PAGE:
Yagna in Mahabharat

Soham Chaudhari 19213001 September 4, 2008 Yagna The necessity to perform a sacrifice is very often repeated throughout The Mahabharat. The Rajsuya Sacrifice, or Yagna, is a requirement for Yudhishthira if he wishes to hold an immortal place in history and “rejoice with Indra. ” Superficially, a yagna is a means to please the Gods and attain prosperity by make an offering to the God of Fire. However, yagna also teaches the importance of charity and harmony. By offering one’s accomplishments to God and for the betterment of society, one can surpass all worldly limitations.

One attains self purity by offering items in the fire, a symbol of purity. Yudhishtira is able to perform a yagna “full of hurdles” because he is “determined in protecting the four castes. ” After having turned Khandavprasth into Indraprasth, Yudhishthira is performing the yagna to bring about wellbeing to his citizens and so he may achieve liberation by overcoming further desires. Upon performing the Rajsuya Yagna Yudhishtira feels obligated to make decisions as an ideal king should.

He is unable to refuse another game of dice as he claims “how can a dutiful king like me refuse to accept such a challenge? ” However, he fails to recognize that a king does not have one dimensional duties which can be bounded by a code of honor. He leaves decisions and consequences “at the command of the Creator” because he cannot tarnish his image; however, an ideal king would not “tread the path of (his) illustrious predecessors,” in all matters for then what would be the need to have an authority holding king?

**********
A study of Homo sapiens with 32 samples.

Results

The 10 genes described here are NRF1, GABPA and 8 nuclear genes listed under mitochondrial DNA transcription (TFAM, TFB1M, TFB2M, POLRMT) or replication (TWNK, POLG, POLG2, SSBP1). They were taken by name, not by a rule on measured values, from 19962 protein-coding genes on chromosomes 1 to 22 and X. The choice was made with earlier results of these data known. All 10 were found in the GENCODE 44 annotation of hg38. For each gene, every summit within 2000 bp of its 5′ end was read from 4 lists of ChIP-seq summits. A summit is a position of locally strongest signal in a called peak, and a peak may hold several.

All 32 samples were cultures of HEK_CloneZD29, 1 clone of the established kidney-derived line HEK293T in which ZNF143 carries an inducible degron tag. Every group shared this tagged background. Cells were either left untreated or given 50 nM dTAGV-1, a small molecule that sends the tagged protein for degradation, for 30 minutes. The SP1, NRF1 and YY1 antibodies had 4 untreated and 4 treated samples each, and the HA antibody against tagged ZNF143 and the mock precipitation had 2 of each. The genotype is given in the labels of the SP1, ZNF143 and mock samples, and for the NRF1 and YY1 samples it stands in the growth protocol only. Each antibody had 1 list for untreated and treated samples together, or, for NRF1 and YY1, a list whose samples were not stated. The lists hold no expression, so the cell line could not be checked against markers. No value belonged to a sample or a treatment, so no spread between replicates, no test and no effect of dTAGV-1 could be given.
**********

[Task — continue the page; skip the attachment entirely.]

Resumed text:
The king is the declarer of justice and, often times as in Dhritrashtra’s rule, also the definition. If all kings follow the same path, there would be no change and progress. Yudhishtira mistakes taking up a challenge as the grip of destiny when it is in reality his test towards becoming the most worthy king he aspired to be with the Rajsuya Yagna. Ironically, it is the people and kingdom which he promised to protect that he puts to stake almost immediately. His arrogance in thinking that the people under his rule are an asset to him also makes him blind in the vengeance to win.

Even after having lost himself and his brothers, he dares to stake Draupadi’s freedom which he has no right over, for he is not her only husband. He takes it for granted that all of his brothers will always obey him until death and does not find it necessary to consult them in matters outside the king’s arena. Thus yagna teaches one to remember his obligations to everything he is associated to and, to always commit with pure intentions, free from worldly expectations and attachments.